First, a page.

CityU: RCCL Conference on “Governance, Democratization and Constitutional Reform: Definition of Political Structure of the HKSAR and Its Reform”

Recent events, such as the Beijing White Paper (in which Central Authority Officials called for Hong Kong judges to be “administrators” who “love Hong Kong and China”), the Occupy Central Movement, the Mongkok Riot, the advocacy of Hong Kong independence, and the controversies surrounding the 2017 Chief Executive Election, have mired Hong Kong in the greatest political tension since the handover. Society has become unprecedentedly and severely divided. Many people, including scholars, politicians and ordinary citizens, believe the existing political structure of the HKSAR is a major cause of political and social unrest, placing particular emphasis on the “executive-led government”.

While political debates can be heated, in-depth rational academic discussions and studies on the political and constitutional system of the HKSAR, as well as the implications of “executive-led government”, both under the Basic Law and in practice in the HKSAR, are lacking. To address this gap, the Centre for Chinese and Comparative Law (“RCCL”) of the School of Law of City University organised a conference from 23–24 June 2016. The central aim of the Conference was to examine current concepts, theories and principles guiding the governance and operation of the HKSAR from a more holistic (historical, theoretical, practical, and comparative wherever possible) perspective; and to correctly define and predict the future direction of political and constitutional reform. The whole conference was divided into five sessions, with each focusing on a particular theme. Nineteen speakers from Hong Kong, Macau and mainland China participated in this Conference, sharing with all conference participants their views on issues such as (i) the governance structure and the role of the Chief Executive of the HKSAR under the Basic Law; (ii) the nature and characteristics of HKSAR’s political system; (iii) the relationship between the judiciary and the executive branch in HKSAR; (iv) the role of the Central Authorities in HKSAR’s governance; and (v) the meanings and contents of “executive-led government” and separation of powers in theory and in practice.

The Conference was kicked off by the welcome speech of our Acting Dean and Director of the RCCL Prof. Lin Feng. The Conference convenor Prof. Zhu Guobin of our Law School then introduced the Conference’s background and the aim.

The first panel session was moderated by Prof. Zhu Guobin. Its focus was the Basic Law and governance of the HKSAR. We were honoured to have the Director of the Law Department of the Liaison Office of the Central People’s Government in the HKSAR Prof. Wang Zhenmin, Senior Counsel of the HKSAR and Convenor of Path of Democracy Mr. Ronny Tong SC, and Prof. Lin Feng of our Law School to feature as panelists during this session.

The second session was moderated by Prof. Simon Young (Associated Dean & Professor, Faculty of Law, The University of Hong Kong), and examined the nature and characteristics of the HKSAR’s political system. Panel speakers included: Prof. Chen Duanhong (Professor, School of Law, Peking University); Prof. Wang Lei (Professor, School of law, Peking University); and Dr. Zhu Shihai (Associate Professor, Faculty of Law, Macau University of Science and Technology).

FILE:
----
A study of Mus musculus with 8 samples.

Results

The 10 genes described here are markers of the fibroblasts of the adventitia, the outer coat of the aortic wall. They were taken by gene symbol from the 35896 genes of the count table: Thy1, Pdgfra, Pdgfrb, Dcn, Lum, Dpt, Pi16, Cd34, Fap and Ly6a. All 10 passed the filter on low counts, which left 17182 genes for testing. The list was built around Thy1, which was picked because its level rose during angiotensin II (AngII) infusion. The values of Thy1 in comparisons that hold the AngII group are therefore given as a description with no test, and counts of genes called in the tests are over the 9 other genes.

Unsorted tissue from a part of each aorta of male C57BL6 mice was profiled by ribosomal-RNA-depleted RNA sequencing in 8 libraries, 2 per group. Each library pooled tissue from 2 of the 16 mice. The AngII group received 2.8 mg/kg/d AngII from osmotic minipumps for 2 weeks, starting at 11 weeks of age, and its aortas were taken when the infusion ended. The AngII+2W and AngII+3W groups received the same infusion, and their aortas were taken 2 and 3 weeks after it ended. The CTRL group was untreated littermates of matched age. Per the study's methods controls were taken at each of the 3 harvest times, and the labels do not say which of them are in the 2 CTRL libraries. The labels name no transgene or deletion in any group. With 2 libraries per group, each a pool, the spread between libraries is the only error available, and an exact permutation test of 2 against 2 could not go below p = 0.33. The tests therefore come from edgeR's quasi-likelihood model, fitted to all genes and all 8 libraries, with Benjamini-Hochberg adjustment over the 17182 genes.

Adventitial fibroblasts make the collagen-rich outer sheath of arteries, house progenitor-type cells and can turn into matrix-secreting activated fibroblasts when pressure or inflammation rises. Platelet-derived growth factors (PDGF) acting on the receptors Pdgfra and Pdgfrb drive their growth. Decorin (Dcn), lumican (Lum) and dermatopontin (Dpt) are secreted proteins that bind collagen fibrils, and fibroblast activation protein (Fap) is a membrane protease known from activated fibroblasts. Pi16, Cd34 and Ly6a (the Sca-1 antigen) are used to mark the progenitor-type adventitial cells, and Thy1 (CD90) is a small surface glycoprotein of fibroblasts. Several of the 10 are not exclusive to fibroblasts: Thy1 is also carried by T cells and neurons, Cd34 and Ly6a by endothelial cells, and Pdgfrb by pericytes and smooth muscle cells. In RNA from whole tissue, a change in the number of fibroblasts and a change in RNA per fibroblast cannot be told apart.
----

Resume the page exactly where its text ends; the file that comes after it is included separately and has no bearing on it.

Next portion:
After defining the political structure of the HKSAR under the Basic Law, session three explored issues relating to political reform of the HKSAR and the power of the Central Authorities. The session was moderated by Prof. Lin Feng, Dr. Cheng Jie (Associate Professor, School of Law, Tsinghua University). Dr. Wang Shucheng (Assistant Professor, School of Law, City University of Hong Kong), Prof. Albert Chen (Cheng Chan Lan Yue Professor in Constitutional Law, Faculty of Law, The University of Hong Kong), and Dr. P.Y. Lo (Barrister, HKSAR; Member, Council of the Hong Kong Bar Association) led the panel discussion.

On the second day of the conference, panel sessions explored the concepts of an “executive-led government” and separation of powers. Participants of these two sessions included: Dr. Mark Kielsgard (Assistant Professor, School of Law, City University of Hong Kong); Prof. Zhu Guobin; Dr. Tian Feilong (Assistant Professor, Graduate School of Humanities and Social Sciences, Beihang University); Prof. Zhang Dinghuai (Professor, Centre for Basic Laws of Hong Kong and Macau Special Administrative Regions, Shenzhen University); Prof. Michael Davis (Professor, Faculty of Law, The University of Hong Kong); Mr. Danny Gittings (Associate Professor, College of Humanities and Law, School of Professional and Continuing Education, The University of Hong Kong); Dr. Huang Mingtao (Associate Professor, School of Law, Wuhan University); and Dr. Li Xiaobing (Associate Professor, School of Law, Nankai University).

While the term “separation of powers” is well known to everyone studying politics and/or law, as Mr. Gittings pointed out, this Conference was the first academic conference ever that made “separation of powers” a significant part of a conference. Discussions during these two panel sessions proved that such an arrangement was both appropriate and necessary: while the term itself looks simple on the surface, an in-depth study will find that it may have different interpretations and contents.

Prof. Zhu Guobin concluded the conference with a few closing remarks, in which he thanked the conference speakers for their contributions, as well as emphasised the solid foundation this Conference has laid for further studies on issues relating to the political system and governance of the HKSAR.